IDP2014 (XII). Internet and politics (II)

Notes from the 10th Internet, Law and Politics Congress: A decade of transformations, organized by the Open University of Catalonia, School of Law and Political Science, and held in Barcelona, Spain, on 3-4 July 2014. More notes on this event: idp2014.

Chairs: Joan Balcells Padullés. Lecturer, School of Law and Political Science (UOC).

Are Social Media changing party politics? Brokers among the members of the Catalan Parliament Twitter Network.
Marc Esteve i del Valle, PhD student on the Knowledge and Information Society Programme at the Universitat Oberta de Catalunya (UOC). Researcher at the Internet Interdisciplinary Institute (IN3); Rosa Borge Bravo; Associate Professor of Political Science at the UOC and researcher at the IN3

When looking at the political usage of Twitter in political parties, it is noticeable that it’s not the leaders but other members of the party the most active on Twitter. Are we before the appearance of ‘brokers’ that bridge different political clusters?

H1: Given the high density of the Catalan parliamentarians’ Twitter network, its high reciprocity, its clustering structure and the particular working milieu that it reflects, we expect the appearance of structural holes and therefore brokers.

H2: The Catalan parliamentarians who are young, highly educated, highly active on the Internet and parliamentarian works and belong to the ruling party, are more likely to be the bridges of the Catalan parliamentarians’ twitter network.

The dependent variable was the degree of centrality in the network, and as independent variables there were many: socio-economic, political, about your personal network, etc.

Results showed that the Parliament is a not very dense network, but also that it is a close one. It’s a closed and affiliated universe. 26 MP where considered as being brokers. They are not leaders of their respective parties and, indeed, they often neither belong to the mainstream ideology of the party.

We can cluster all the MPs in 4 communities, whose composition changes along time (January to March, 2014).

H1 is corroborated. But H2 is not. For being followed is important to have a blog, to speak a lot at the plenary and to hold a MP position, but there is no relationship with socio-demographic characteristics, no official role at the Parliament, no interventions to the commissions, no tweet intensity, no incumbency, no Internet use.

La desrepresentación política. Potencialidad de Internet en el proceso legislativo.
Francisco Jurado Gilabert, Jurista e Investigador en el Laboratorio de Ideas y Prácticas Políticas de la Universidad Pablo de Olavide. Doctorando en Filosofía del Derecho y Política en el IGOP, Universidad Autónoma de Barcelona.

We have a context where even the voters think that the Congress or the Senate represents the people… despite the fact that the Law says that it is so. On the other hand, there are other institutions of “direct” participation, which are not actually such, as they require some approvals or backing from the representative institutions.

Political representation is forced: one cannot chose not to be represented by the Parliament (e.g. as one can choose a lawyer to represent them in a trial). Elections are not about being represented or not, but only about somewhat influencing who is going to represent the whole citizenry. Why is it so? Why is the citizenry forced to be represented? There do not seem to be solid reasons to be politically supervised and represented. The only reason being the incapability of gathering everyone together, at the same time and at the same place for decision-making.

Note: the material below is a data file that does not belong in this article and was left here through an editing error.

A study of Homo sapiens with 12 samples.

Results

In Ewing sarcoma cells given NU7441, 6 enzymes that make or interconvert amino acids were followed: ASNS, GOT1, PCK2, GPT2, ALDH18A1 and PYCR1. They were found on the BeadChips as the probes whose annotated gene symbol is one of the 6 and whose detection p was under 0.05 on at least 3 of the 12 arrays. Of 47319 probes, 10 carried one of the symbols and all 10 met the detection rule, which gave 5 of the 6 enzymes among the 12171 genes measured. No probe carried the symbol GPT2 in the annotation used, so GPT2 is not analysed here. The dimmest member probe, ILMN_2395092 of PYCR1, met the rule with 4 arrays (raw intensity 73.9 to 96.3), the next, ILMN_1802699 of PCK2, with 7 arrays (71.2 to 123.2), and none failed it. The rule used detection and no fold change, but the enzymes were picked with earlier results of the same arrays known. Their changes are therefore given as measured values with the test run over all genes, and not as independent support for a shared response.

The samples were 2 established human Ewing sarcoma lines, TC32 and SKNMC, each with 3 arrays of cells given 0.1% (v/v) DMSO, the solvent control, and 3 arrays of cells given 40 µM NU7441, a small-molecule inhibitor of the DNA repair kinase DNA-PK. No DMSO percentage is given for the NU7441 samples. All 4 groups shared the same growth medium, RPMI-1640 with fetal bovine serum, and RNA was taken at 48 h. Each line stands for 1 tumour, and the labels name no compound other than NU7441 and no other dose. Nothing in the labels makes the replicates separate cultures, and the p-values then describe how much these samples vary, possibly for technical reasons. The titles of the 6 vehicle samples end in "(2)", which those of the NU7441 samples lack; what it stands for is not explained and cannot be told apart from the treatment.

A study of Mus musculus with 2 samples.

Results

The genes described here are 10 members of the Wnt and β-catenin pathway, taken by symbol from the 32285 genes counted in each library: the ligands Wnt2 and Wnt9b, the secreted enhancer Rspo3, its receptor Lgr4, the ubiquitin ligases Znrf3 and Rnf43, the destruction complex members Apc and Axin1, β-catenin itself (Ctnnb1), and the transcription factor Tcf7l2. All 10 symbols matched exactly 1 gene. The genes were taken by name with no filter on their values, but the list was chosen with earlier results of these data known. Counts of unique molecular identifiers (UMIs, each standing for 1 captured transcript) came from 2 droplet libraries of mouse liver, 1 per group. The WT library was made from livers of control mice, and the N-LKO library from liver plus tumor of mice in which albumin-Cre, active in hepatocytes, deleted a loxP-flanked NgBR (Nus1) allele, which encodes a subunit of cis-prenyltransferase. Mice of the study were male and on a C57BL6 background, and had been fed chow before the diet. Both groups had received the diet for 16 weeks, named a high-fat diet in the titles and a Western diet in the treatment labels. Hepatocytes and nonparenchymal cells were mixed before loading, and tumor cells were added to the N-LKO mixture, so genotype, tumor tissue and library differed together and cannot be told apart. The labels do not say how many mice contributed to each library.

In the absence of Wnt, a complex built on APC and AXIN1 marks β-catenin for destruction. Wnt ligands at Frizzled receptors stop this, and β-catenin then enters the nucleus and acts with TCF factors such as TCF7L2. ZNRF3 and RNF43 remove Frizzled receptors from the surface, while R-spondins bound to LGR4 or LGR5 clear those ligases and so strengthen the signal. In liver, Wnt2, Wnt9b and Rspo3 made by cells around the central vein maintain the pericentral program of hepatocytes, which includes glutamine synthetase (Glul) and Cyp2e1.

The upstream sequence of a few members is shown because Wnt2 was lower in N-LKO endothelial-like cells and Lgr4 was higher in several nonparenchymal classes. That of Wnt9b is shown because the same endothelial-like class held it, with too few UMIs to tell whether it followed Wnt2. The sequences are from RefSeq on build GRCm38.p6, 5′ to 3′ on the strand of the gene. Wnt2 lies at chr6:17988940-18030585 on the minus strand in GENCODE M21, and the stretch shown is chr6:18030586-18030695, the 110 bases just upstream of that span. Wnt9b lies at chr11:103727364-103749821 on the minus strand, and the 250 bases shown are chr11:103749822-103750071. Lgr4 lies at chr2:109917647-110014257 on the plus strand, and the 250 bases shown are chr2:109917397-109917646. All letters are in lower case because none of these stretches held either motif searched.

And it gets worse: the laws that frame representation are increasingly used as barriers against the entrance of competitors. It is difficult to create a new party or to create a new political platform. Pitkin’s dimensions of representation (1967) are systematically violed: there is no authorization or empowerment, no accountability, no suitability, no symbolic dimension (or just a little bit), no substantive representation of interests.

We need an act of de-representation, of demanding representation back. Maybe not the whole time, but on demand, when it is needed.

And there are many ICT tools that come very handy for that purpose.

La identidad digital en procesos de democracia electrónica. La desastrosa experiencia de la firma electrónica basada en certificados, en
Javier Peña, Presidente de; Ignacio Alamillo Domingo, Investigador del GRISC, Universitat Autònoma de Barcelona. [MySignature] is a non-profit organization to collect signatures to promote certain initiatives. The difference with other petitioning sites is that at MiFirma signatures are electronic and thus legally binding. For instance, formally and officially signing political initiatives.

Setting up the platform is easily in technological terms than in legal terms. One needs and administrative authorisation, the platform has to accomplish some (non-justified) requirements and restrictions on the time of e-signature to be used, etc.

10th Internet, Law and Politics Conference (2014)

If you need to cite this article in a formal way (i.e. for bibliographical purposes) I dare suggest:

Peña-López, I. (2014) “IDP2014 (XII). Internet and politics (II)” In ICTlogy, #130, July 2014. Barcelona: ICTlogy.

    I am Ismael Peña-López.

    I am professor at the School of Law and Political Science of the Open University of Catalonia, and researcher at the Internet Interdisciplinary Institute and the eLearn Center of that university. Since november 2013 I am on a partial leave to join Open Evidence as a senior researcher and analyst. I am also the director of the Open Innovation project at Fundació Jaume Bofill.